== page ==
At present, there is no cure for cerebral palsy. However, there are numerous treatments available that may treat the symptoms associated with cerebral palsy and help improve life span and quality of life of individuals with cerebral palsy. These therapies may help by easing symptoms such as spasticity, improving communication skills and improving self-care and independence.
Treatment of cerebral palsy requires a multidisciplinary approach from developmental neurologists, physiotherapists, speech and language therapists, occupational therapists as well as psychologists. An individual care plan is often put in place and is constantly reassessed as symptoms improve or a patients’ needs change over time.
Physiotherapy is normally started as soon as the diagnosis is made, and is usually the most important treatment strategy for cerebral palsy. There are three main goals of physiotherapy. Firstly, to prevent the weakening of muscles that are not normally used and increase strength. The second is to prevent muscles getting stuck in a rigid position, known as contractures, which are usually quite painful and can affect normal development. The third goal is to encourage more movement. Physiotherapists usually teach children with cerebral palsy several exercises that they can carry out every day to strengthen and stretch their muscles. In addition, arm or leg braces may also be used to facilitate the support of limbs.
Speech and language therapy can help children with cerebral palsy develop their facial muscles with regular facial exercises. As these muscles strengthen over time, It can also help with eating, drinking, and swallowing. Speech and language therapy may also help the child to speak clearly if their condition is not too severe. If their communication difficulties are severe, the therapist may be able to teach them an alternative method of communication, such as sign language or via a computer that can generate speech. Some children may be able to communicate using personal computer devices using pictures and symbols.
Medications can be administered to relieve various physiological symptoms of cerebral palsy. This may involve individual medications to help treat specific symptoms, or a cocktail of a combination of medicines if the condition is severe.
Baclofen is helpful in relieving muscle stiffness. It is usually given orally as pills, however it may also be given through a pump inserted within the skin so that the medication can directly be administered into the spine.
Botulinum toxin may also be administered directly into spastic muscles to relieve spasticity for several months at a time.
Other general use medications such as laxatives for constipation or anti-epileptic medication if there are seizures can also be given.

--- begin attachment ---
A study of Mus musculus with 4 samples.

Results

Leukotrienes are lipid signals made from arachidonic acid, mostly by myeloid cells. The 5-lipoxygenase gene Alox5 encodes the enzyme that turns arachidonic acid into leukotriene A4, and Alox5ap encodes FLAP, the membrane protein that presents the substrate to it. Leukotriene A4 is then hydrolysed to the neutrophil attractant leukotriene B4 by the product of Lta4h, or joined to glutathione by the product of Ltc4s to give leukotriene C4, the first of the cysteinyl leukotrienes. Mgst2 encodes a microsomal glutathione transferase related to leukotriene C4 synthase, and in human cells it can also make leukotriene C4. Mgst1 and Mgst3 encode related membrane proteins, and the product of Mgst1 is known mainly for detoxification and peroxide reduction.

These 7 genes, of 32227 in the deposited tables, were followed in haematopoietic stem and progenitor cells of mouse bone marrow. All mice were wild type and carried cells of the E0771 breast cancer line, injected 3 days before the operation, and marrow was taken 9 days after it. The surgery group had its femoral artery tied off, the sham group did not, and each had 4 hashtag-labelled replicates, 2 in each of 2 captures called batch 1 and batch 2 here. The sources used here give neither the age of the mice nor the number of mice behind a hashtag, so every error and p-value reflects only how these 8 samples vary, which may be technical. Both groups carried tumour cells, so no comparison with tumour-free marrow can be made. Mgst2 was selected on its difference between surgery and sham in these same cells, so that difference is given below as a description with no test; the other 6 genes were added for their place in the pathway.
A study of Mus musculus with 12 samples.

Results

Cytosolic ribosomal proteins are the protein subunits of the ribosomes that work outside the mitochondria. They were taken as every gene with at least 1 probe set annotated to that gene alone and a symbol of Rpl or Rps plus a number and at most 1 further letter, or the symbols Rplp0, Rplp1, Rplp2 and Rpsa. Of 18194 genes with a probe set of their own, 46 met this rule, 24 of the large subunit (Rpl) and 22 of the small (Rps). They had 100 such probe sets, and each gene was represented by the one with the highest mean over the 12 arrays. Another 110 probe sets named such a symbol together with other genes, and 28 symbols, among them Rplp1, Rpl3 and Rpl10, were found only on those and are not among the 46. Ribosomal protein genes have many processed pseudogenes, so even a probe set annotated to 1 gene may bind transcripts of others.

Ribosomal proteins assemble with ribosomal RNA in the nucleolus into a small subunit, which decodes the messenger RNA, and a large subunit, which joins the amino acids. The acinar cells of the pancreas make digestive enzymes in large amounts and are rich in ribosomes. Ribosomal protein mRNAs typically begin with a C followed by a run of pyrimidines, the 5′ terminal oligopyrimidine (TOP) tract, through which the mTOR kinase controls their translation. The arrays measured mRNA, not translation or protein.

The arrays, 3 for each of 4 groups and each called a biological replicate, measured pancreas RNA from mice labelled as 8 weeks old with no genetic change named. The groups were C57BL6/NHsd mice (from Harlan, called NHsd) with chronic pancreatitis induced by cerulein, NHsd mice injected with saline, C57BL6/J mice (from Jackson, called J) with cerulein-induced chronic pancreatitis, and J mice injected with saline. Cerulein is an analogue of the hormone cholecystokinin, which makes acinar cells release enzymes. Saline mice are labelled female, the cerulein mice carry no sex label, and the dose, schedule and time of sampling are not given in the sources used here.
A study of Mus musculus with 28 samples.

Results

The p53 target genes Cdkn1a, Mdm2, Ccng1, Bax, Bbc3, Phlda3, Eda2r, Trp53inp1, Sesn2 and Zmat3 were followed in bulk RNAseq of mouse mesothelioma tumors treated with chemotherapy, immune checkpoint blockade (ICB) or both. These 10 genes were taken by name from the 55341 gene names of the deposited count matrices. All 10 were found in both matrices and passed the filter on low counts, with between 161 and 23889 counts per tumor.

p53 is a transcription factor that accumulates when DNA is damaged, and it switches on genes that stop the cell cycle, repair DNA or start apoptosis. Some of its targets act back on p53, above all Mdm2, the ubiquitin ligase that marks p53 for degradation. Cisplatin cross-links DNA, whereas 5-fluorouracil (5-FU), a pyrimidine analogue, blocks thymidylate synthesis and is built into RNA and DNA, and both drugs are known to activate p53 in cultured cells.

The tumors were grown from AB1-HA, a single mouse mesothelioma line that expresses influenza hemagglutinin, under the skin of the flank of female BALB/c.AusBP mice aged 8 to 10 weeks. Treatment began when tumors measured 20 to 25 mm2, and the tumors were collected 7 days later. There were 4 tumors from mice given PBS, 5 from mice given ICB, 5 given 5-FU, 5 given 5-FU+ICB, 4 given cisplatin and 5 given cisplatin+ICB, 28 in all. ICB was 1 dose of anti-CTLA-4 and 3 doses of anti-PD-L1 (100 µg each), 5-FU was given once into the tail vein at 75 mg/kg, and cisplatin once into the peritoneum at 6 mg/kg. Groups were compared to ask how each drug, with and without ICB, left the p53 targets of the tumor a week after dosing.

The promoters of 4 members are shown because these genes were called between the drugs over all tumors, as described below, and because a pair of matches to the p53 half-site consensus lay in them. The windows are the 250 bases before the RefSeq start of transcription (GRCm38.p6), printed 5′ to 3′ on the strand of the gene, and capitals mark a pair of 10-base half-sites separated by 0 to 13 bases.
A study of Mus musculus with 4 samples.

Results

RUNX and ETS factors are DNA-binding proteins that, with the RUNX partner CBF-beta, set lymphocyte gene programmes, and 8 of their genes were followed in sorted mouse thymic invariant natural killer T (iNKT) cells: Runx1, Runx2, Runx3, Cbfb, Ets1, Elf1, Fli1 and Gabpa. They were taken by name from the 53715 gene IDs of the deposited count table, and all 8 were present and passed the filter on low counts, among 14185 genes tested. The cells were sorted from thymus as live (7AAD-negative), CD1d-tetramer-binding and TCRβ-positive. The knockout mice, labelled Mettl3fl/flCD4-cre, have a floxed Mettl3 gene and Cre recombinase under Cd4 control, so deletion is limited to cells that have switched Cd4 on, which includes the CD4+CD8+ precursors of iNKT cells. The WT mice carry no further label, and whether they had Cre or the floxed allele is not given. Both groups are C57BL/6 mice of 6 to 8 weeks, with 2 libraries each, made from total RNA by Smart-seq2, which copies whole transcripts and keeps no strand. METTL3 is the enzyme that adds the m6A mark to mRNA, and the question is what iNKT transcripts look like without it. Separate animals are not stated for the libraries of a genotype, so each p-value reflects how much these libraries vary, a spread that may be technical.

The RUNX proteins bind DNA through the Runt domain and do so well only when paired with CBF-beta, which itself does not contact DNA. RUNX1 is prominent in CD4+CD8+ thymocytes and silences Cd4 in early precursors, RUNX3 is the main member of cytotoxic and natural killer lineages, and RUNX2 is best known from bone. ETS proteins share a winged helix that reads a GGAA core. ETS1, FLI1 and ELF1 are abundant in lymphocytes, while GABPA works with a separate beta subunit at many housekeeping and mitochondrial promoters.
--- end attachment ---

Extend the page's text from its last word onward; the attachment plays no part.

As with most medications, if side effects appear or persist, the physician may be able to replace the medication with a more suitable one, or use an alternative therapy.
Surgical therapy is needed at times to correct movement problems and contractures. These surgeries help in easing tight muscle tone and restore normal structure. Surgery is often a last resort option with patients with the severest symtpoms. Surgeries that are undertaken include:
- repair of hip dislocation and the curvature of spine (scoliosis)
- lengthening of tendons and muscles to reduce muscle spasticity and contractures
- removal of part of the bone to position and realign a limb
- selective posterior rhizotomy that involves operating on nerve roots coming from the spinal cord to ease muscle stiffness in the legs
In conjunction with surgery, more occupational therapy (developing skills to perform everyday tasks such as dressing oneself) and physiotherapy is usually required to achieve the best long lasting results. This can take several months to a couple of years to be fully achieved. During this time medication may also be administered.
Several mobility aids are used to improve movement and mobility. This includes orthotic devices, wheelchairs and powered mobility walkers. Physical methods of spasticity relief can include heat, cold and vibration methods.
In summary, there is no cure for cerebral palsy at present, however there are various surgical, therapeutic and medicinal treatments for the symptoms and physical characteristics of cerebral palsy. Whilst these may not cure the condition, they may help ease the symptoms. Used in combination with one and another, a multidisciplinary approach is the best approach to treating cerebral palsy, especially if started at the earliest age possible.